U.S. troops to guard Haiti's lawmakers as they return to vote on amnesty bill

September 27, 1994|By Gilbert A. Lewthwaite | Gilbert A. Lewthwaite,Sun Staff Correspondent

PORT-AU-PRINCE, Haiti -- U.S. troops will guard members of Haiti's Parliament today as they come out of hiding for tomorrow's first legitimate session of the national legislature in more than three years.

And when the voting starts, they will bar some members who were elected in polling after the ouster of exiled President Jean-Bertrand Aristide and who are thus considered illegal lawmakers.

Father Aristide has ordered Prime Minister Robert Malval to reconvene the Parliament to pass a new amnesty law to protect the military dictators here from prosecution for their actions during three years of terror.

Lt. Gen. Raoul Cedras and other members of the junta have agreed to cede power once an amnesty law is passed or by Oct. 15 at the latest.

General Cedras will be free to attend the parliamentary session, but troops will block the entry of nine senators elected in illegal polling in January 1992 after Father Aristide was overthrown. Both the United States and the United Nations regard them as illegal representatives.

In a countermove, the military-controlled government said it was calling back its Parliament for next Tuesday for an amnesty vote.

The Clinton administration has offered to provide transportation and security for the 10 members of the Chamber of Deputies and the single senator who are living in exile and for the nine deputies and four senators who are in hiding in the provinces here. All have been in hiding in fear for their lives.

The 83-member Chamber of Deputies and the 27-member Senate will both have to approve the new amnesty law, a key step in this country's transition from military to civilian rule.

To counter the impression that the United States is controlling political events here, U.S. troops will not be stationed inside the parliament building or its chambers as the debate takes place. They will be on guard outside.

The main danger is that Haitian security or paramilitary forces, who still have their small arms and feel increasingly humiliated and angered by the deliberate display of overwhelming U.S. force here, might be tempted to attack the politicians who are about to retake power.

'Series of calming events'

The repatriation of the first volunteers from Guantanamo, and the reopening of Parliament and City Hall are part of a carefully planned "series of calming events," meant to reassure an edgy population, according to a senior U.S. official here.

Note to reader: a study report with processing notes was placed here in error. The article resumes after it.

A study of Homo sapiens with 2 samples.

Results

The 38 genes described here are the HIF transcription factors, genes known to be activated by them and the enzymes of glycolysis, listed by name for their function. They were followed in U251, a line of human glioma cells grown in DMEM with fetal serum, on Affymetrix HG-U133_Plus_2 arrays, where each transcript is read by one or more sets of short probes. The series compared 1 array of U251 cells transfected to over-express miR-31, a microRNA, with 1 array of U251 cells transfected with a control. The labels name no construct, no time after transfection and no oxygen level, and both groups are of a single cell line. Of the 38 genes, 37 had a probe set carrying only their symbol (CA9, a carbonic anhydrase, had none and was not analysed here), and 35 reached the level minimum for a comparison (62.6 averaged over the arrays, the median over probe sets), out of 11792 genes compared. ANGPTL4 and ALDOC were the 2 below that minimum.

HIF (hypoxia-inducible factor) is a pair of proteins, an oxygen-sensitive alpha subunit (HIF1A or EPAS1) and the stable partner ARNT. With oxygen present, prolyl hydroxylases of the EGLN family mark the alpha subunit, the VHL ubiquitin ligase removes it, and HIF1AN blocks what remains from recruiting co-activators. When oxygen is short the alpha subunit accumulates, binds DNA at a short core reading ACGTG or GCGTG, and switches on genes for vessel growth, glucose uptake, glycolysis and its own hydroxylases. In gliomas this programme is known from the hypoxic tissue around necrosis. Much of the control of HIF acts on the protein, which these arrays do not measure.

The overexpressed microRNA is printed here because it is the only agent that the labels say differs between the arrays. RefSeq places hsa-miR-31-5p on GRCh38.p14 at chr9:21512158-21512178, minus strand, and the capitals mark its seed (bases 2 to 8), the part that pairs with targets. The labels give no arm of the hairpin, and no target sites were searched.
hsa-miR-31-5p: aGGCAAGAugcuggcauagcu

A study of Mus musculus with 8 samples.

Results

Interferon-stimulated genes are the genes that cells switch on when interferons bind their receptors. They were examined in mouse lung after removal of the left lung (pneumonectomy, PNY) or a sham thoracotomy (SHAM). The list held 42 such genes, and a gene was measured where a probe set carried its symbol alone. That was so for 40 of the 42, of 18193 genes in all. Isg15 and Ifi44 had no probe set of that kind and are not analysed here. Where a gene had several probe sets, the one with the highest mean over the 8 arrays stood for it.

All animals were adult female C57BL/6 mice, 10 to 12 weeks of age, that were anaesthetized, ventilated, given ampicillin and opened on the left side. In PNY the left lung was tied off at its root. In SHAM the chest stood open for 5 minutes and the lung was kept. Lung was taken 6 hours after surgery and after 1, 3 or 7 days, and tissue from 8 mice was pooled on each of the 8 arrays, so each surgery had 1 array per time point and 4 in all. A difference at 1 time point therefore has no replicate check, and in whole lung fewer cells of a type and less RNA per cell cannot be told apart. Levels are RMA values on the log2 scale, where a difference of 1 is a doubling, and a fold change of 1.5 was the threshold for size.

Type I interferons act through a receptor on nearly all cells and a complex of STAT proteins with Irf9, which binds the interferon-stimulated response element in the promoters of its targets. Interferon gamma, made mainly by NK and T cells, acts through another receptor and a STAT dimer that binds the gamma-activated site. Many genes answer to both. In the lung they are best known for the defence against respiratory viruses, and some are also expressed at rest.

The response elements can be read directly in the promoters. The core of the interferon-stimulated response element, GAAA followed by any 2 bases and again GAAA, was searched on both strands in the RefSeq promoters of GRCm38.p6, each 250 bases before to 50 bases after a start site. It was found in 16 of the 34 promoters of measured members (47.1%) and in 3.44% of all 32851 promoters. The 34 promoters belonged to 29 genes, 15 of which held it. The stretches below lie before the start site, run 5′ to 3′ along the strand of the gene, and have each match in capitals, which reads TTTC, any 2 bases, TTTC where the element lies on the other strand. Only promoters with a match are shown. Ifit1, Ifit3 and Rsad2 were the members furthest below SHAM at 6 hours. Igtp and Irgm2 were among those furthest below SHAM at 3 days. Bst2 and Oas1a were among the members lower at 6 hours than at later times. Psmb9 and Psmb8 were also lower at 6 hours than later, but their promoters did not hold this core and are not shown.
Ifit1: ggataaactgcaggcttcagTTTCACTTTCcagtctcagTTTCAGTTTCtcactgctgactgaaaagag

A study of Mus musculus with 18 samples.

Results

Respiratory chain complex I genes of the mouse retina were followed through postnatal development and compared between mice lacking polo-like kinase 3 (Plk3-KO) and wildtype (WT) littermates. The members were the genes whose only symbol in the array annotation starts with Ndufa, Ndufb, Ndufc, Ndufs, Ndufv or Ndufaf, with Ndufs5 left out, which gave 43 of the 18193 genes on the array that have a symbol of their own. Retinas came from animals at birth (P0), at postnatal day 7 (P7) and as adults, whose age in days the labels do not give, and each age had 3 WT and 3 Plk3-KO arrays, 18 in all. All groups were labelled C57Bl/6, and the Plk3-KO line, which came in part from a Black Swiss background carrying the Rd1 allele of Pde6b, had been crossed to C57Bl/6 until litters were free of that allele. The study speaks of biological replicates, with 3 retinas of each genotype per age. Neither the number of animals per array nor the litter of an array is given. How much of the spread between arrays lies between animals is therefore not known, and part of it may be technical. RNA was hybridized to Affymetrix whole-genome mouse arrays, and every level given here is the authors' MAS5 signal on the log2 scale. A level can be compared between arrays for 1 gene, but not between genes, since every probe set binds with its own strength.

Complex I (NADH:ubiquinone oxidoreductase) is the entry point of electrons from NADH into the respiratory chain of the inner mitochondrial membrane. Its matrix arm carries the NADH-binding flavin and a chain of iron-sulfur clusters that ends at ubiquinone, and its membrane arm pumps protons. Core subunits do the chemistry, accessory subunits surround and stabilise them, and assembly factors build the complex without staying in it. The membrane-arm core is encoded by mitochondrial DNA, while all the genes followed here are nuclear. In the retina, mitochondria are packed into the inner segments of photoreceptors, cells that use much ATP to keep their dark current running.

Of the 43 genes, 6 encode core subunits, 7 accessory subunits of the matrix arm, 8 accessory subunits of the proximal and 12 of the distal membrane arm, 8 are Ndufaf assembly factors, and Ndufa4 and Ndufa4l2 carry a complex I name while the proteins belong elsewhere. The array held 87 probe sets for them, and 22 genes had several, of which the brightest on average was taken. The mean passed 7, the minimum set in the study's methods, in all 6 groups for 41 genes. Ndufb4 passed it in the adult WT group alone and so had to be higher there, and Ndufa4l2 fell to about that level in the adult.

The official, who declined to be identified but who has been intimately involved in the planning for the return of the Aristide government, said: "We have to do a lot of calming things. The flip side is that any one of these events could become a flash point. There is enough built-in hatred in this country, you can easily ignite something that is going to require a major security cleanup. Somehow a feeling of reconciliation has to be instilled in this society."

Behind the scenes, small steps are also being taken to prepare for the transition of power. Mr. Aris- tide's private home, trashed by the dictatorship, is being repaired.

The Haitian army has been ordered to clean up the nation's official guest house and it is already being used for political caucuses as the first steps toward the formation of a new government are taken.

Military engineers have inspected the capital's two diesel-fueled power stations, which have been suffering from shortages of fuel and spare parts because of the embargo. They hope to have them running efficiently later this week or next.

But the parliamentary session tomorrow will be the most dramatic evidence of this country's hesitant but accelerating return to some semblance of political, social and economic normality.

It will be followed later this week by the emergence from hiding of Evans Paul, the mayor of this capital city, which is in need of everything from food to electricity, from water to medicines. U.S. troops will also protect Mr. Paul, who has been attacked by paramilitary forces several times.

All this political activity is creating its own danger: a ground swell of popular joy that threatens to erupt into violence, with excitable crowds exacting bloody street justice on the security forces who have terrorized the population here for the past three years.

To lessen the danger of violence, the United States will start today a weapons-buyback program to reduce the number of armaments in circulation here. Handguns will fetch $50, semiautomatics $100, automatics $200 and heavier weapons $300. The program will start at Port-au-Prince airport and extend to other parts of the country over the coming days.

Col. Barry Willey, the U.S. military spokesman here, said: "The goal of the program is to remove illegal and unregistered weapons in order to have a more stable and secure environment."